Even in the United States, depending on the region you’re in, you might find yourself in unfamiliar territory when it’s time to enter the kitchen. But that doesn’t mean that the dishes are not tasty; it's just that they’re not what you’re used to. And if you’re interested in immersing yourself in interesting baking traditions from around the world, you’ll appreciate these four unique styles.

Naan (India)


A tandoor is a massive clay pot oven that is often used to cook more than bread. Popular dishes such as tandoori chicken are also cooked in these ovens. Traditionally, tandoors featured open flames powered by wood or charcoal. But these days you can buy electric or gas-powered tandoors for more consistent heat. Baking naan is unique in that you don’t put the dough in the bottom of the pot and wait for it to bake. Instead, the dough is placed on the inner walls of the tandoor. Cooking with a tandoor takes skill as temperatures can reach as high as 700 degrees Fahrenheit and must be closely managed to avoid burning your food.

Injera (Ethiopia)


Making injera is easier than you might think as it only requires five ingredients (teff flour, all-purpose flour, water, salt, and vegetable or peanut oil) and can be made in a skillet or cast iron pan. Much like making pancakes, injera requires that you pay attention to the bubbles that form on the surface as it cooks. The flat nature of the bread is part of its signature, so home chefs are discouraged from replacing the teff grain with traditional wheat flour.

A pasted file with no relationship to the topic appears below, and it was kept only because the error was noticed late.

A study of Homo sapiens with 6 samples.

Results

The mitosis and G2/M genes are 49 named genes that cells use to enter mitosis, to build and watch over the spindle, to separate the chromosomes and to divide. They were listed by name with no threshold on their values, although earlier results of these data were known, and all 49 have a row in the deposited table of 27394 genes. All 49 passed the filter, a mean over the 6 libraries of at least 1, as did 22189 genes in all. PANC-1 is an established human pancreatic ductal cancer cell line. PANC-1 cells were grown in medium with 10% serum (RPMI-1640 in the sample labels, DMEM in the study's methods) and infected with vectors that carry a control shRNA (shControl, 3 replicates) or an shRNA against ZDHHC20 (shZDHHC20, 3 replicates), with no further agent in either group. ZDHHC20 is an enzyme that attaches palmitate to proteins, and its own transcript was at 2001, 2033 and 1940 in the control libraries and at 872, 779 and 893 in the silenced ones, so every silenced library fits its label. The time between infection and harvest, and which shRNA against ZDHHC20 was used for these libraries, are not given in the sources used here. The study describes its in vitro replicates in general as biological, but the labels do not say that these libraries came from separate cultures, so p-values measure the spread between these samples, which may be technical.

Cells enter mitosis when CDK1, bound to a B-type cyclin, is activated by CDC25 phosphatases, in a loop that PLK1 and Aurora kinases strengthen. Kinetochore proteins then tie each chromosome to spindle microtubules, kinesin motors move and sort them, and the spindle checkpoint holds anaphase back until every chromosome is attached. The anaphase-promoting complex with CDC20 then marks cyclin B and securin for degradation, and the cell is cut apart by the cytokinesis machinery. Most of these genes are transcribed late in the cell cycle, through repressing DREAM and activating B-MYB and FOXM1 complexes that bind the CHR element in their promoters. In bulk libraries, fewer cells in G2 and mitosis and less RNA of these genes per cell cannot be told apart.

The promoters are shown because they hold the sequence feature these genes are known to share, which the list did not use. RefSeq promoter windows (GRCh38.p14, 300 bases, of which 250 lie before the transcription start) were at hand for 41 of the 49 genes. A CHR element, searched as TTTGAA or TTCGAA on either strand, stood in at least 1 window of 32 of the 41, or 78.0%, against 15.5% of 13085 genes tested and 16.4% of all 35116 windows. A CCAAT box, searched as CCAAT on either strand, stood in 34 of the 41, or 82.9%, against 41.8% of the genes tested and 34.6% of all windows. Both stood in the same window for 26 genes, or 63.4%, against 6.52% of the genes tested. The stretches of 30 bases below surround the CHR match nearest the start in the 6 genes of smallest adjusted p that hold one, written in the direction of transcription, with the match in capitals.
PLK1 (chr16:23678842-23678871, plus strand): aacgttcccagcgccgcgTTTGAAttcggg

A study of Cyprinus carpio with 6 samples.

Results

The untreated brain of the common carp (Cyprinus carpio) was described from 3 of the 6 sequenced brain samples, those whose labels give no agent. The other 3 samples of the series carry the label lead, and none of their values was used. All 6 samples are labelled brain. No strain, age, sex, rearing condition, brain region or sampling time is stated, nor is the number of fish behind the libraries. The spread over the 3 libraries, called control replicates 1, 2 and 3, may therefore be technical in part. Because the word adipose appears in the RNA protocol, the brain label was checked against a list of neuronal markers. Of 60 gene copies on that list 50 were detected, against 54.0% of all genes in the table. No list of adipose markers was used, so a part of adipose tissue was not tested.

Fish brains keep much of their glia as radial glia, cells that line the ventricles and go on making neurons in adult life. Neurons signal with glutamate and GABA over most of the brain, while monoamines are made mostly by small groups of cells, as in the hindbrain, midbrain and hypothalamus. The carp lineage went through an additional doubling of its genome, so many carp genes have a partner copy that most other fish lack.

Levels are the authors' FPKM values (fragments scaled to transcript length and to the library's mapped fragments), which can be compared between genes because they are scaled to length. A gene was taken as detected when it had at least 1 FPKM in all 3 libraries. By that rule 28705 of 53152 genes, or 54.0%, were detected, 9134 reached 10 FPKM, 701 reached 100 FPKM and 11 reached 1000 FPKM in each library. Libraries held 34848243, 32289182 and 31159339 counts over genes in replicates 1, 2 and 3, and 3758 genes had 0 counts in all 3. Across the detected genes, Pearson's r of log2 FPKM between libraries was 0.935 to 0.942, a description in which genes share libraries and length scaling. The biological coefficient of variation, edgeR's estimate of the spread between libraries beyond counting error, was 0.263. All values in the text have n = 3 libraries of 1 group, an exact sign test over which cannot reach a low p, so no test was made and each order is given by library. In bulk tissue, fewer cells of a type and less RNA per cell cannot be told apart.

Savory Pancakes (South Korea)


While jeon can also be sweet, most Americans are likely to encounter savory jeon at Korean restaurants. One of the most popular styles is the scallion pancake or “pajeon.” The recipe takes barely half an hour to complete and yields a tasty treat that you and your family will enjoy.

Tres Leches Cake (Latin America)


While there are variations in terms of toppings, the core recipe always calls for the same thing: a sponge or butter cake dripping in condensed milk, evaporated milk, and heavy cream. Tres leches might have its origins in the Latin American community, but the sweet treat has started popping up in new places — and with regional twists. Unlikely spots such as Albania and Turkey have embraced the dessert in recent years thanks to the import of telenovelas from Latin America.